Darius Leonard One Of NFL's Best Defenders In Coverage

The Indianapolis Colts' Darius Leonard has established himself as one of the best linebackers in the game after two straight All-Pro seasons to begin his career, but according to NFL.com, he's also specifically one of the best defensive players in coverage, regardless of position.


Two All-Pro nods. A Pro Bowl. The NFL's tackle king as a rookie in 2018.

But did you know that Leonard is not only one of the best linebackers in the NFL, but he's specifically one of the league's best defenders in coverage, regardless of position?

Nick Shook of NFL.com recently broke down the NFL's 10 best defenders in coverage based on the passer rating they allow, the catch rate allowed below expectation, the percentage of tight-window throws that are completed, the rate at which they're targeted and the average yards of separation that the offensive player gets from them. A couple of metrics referred to as the "ballhawk rate" and the "coverage-success rate" are also considered as supplemental measures.

Leonard rounded out the list at No. 10, but he was the only linebacker on the list, joining four cornerbacks and five safeties. Shook writes:

10. Darius Leonard

Passer rating allowed: 58.6

Catch rate allowed below expectation: -3.9

Tight window pct: 27.5

Target rate: 15.6

Average separation yards: 4.7

Leonard's numbers look a bit different than those of the other players featured here because he's covering from a linebacker spot, not as a defensive back on the perimeter or in the slot. Leonard's task is arguably more difficult, as he's expected to consistently stop the run and also cover all types of targets -- receivers, running backs and tight ends -- while carrying a larger body around the field.

Having said that, Leonard is a machine. His five interceptions led all linebackers, his 58.6 passer rating allowed as the nearest defender in coverage was also the best mark among LBs and he finished with seven passes defensed. We can't forget his pick-six of Jameis Winston in Tampa, either. The fact he landed on this list goes to show just how good a player Leonard is.

Linebackers often get recognized as run-stuffers, but in the modern NFL, guys like Leonard who can make plays in the passing game as well have become the prototype.

They're light, but they're long and as fast as safeties. They move very well in the open field, flying sideline-to-sideline, and they can make plays all over the field.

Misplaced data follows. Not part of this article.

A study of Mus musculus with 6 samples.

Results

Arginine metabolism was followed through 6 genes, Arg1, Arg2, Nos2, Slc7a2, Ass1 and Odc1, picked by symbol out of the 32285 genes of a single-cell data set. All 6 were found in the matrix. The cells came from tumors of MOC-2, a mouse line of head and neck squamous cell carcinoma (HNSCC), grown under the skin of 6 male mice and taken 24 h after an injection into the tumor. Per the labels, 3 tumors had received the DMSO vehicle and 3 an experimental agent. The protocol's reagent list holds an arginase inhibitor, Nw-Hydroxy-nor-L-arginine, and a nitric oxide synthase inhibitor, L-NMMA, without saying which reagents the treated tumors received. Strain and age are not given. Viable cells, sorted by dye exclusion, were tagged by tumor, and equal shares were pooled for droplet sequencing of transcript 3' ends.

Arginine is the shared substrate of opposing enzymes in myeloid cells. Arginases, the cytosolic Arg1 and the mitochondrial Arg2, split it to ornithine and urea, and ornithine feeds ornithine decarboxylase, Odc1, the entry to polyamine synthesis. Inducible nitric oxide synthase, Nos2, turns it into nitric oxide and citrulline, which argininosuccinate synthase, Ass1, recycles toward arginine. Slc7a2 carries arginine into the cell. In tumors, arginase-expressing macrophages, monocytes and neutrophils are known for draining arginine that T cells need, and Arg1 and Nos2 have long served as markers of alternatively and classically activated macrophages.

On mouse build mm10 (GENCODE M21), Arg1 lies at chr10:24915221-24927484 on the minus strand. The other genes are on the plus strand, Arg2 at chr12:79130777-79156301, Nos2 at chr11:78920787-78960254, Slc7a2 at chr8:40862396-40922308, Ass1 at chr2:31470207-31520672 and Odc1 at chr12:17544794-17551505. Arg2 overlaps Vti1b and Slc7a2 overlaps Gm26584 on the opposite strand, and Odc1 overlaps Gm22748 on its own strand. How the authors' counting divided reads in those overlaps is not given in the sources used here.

We've seen Leonard pick up high-level receivers and tight ends in coverage, and even go man-on-man with them from the slot. It's safe to say that the Colts trust him with pretty much any task, and he performs it at a high level.

Leonard may just be the king of these new-age linebackers.

In 437 snaps in coverage in 2019, Leonard was targeted 74 times, allowing 59 receptions (79.7 percent) for 559 yards (9.5 avg.) and two touchdowns. He allowed 313 yards (5.3 avg.) after the catch, and intercepted five passes (returning one of them for a touchdown) and allowed a passer rating of 79.0.

Leonard's interceptions and passer rating allowed were both the best marks in the NFL for off-ball linebackers.

According to Pro Football Focus, Leonard earned the No. 14 grade in coverage from linebackers (71.4). The discrepancy between PFF's grades and NFL.com's rankings could be related to the fact that Leonard did "give up" a lot of receptions (seventh-most among off-ball linebackers), but that's how the Colts' 4-3 defense works: they can allow short completions, but limit deep shots and the yardage picked up after receptions.

If you include pass-rushing in Leonard's effectiveness in coverage — which, why not? It's a part of pass defense — then that sends him into the stratosphere.

Leonard earned PFF's third-best pass-rush score among off-ball linebackers with a 78.4, and he registered 5.0 sacks in 2019, which were among the best marks for off-ball linebackers. His 13.3 pass-rush productivity score — which "combines sacks, hits and hurries relative to how many times they rush the passer," according to PFF — ranked second.

Overall, Leonard started in all 13 games in which he appeared, totaling 121 tackles (seven for loss), 5.0 sacks, two forced fumbles, five interceptions, seven pass breakups and one defensive touchdown.

He was PFF's No. 6 linebacker overall (79.2), ranking second in tackling (88.8) and No. 9 against the run (78.8).